Thirty-Eight (38) Medical Doctors who have spent the last six years in Cuba studying have now graduated. The ceremony which was hosted by the Department of Public Service, Ministry of the Presidency was held at the National Cultural Centre on Wednesday August 30, 2017.
At the graduation, feature speaker, Dr Rupert Roopnaraine, Minister of Public Service, took the opportunity to demand the best level of patient-centered care from the new doctors.
Minister Roopnaraine charged the doctors to be more sensitive to the concerns of their patients. “Each of you began life as a medical student-doctor in the age of information technology. Your greatest challenge as a newly minted doctor in this information age will be to put your cell phone down, look up from its glowing screen and that will let you see your patient’s downward stares that tell you their deepest personal secrets.”
The minister also reflected on the scholarship programme of which the doctors are beneficiaries.
“Today’s batch of graduands are beneficiaries of a bilateral agreement that was signed in 2000. These scholarships were awarded over a seven-year period and today’s graduands, 38 in number will join more than 500 graduates from this programme.” Minister Roopnaraine explained.
Dr Roopnaraine further detailed that since 1979, Guyanese have benefitted from medical education provided by the Cuban government. These persons have since had the opportunity to specialise and continue to serve the people of Guyana in various specialties.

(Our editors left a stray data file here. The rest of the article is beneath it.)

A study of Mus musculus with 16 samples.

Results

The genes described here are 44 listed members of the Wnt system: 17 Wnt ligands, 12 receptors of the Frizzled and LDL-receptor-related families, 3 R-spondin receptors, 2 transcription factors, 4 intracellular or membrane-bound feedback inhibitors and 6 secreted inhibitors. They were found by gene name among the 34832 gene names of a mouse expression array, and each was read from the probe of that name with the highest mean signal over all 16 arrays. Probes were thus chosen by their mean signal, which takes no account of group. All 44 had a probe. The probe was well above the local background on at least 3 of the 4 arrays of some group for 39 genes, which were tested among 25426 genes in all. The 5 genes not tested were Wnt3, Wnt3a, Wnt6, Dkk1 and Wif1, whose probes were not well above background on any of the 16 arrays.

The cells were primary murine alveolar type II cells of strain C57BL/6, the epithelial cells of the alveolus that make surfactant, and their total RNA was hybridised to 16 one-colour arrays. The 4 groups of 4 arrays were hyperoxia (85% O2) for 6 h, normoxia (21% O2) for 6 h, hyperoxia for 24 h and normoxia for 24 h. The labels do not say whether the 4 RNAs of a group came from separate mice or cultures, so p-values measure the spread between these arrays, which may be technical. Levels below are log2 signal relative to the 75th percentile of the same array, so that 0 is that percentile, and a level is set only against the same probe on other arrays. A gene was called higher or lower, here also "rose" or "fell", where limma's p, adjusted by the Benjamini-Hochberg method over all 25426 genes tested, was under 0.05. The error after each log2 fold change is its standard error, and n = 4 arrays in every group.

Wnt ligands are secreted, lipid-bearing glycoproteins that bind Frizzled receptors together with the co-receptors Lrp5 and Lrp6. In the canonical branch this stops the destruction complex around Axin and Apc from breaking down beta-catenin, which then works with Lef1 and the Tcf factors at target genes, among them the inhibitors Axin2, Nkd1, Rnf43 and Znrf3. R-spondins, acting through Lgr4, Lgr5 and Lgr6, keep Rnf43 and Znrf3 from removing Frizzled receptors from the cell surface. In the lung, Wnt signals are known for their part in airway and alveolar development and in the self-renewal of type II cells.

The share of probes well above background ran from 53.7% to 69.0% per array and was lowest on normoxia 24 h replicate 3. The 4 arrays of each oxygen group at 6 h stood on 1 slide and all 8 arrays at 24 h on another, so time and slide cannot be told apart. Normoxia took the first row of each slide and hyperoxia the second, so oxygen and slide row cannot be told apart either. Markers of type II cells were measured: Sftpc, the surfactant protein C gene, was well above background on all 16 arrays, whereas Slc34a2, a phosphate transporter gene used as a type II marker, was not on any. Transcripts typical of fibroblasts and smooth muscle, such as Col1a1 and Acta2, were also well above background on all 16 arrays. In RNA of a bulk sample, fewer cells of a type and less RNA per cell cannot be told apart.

“The first medical student who graduated from the university of Havana in Cuba in 1979 was Dr Richard Van West Charles, former Minister of Health…. Some of those persons are still serving here in Guyana such as Dr Leslie Carter, former Regional Health Officer from the second batch, Dr Edward Segala, Dr Henry Jefferey, Dr Terry Joseph and the current Minister of Social Cohesion, Dr George Norton, all specialists in General Medicine, Orthopedics and Ophthalmology.” The minister highlighted.
Ambassador of Cuba to Guyana, His Excellency Julio César González Marchante, added that his country’s contribution to the Caribbean’s human resource development will continue in spite of challenges the country might have faced over the years.
“Cuba deeply recognises the commitment of the government not only to continue but to strengthen the fraternal relation between our countries. Also, we share common purposes like to strengthen our Caribbean community of nations.”
Valedictorian of the graduating batch of 2017, Dr Inderjeet Ramdas thanked the government for making it possible for young men and women to continue to pursue their dreams and aspirations of becoming medical doctors.
“I would like to say thank you to the government of the Cooperative Republic of Guyana for inking the Cuban scholarship programme and for ensuring that the friendship and solidarity of the two countries grow so that the historic vision of education continues.” The Valedictorian noted.
He further encouraged his fellow batch mates to now step up and work towards improving the overall health sector. “From now we can no longer blame the misfortunes on the system, we have become part of it and must work diligently to make that system better. As we disperse I know that we will improve the health outcome of the entire community and that demands celebration.”
The Doctors, inclusive of six nationals from Tanzania, Malaysia, Belize, St. Vincent and the Grenadines and St. Kitts and Nevis took the Hippocratic oath which was administered by the Chief Medical Officer (CMO)of the Ministry of Public Health in Guyana, Dr Shamdeo Persaud.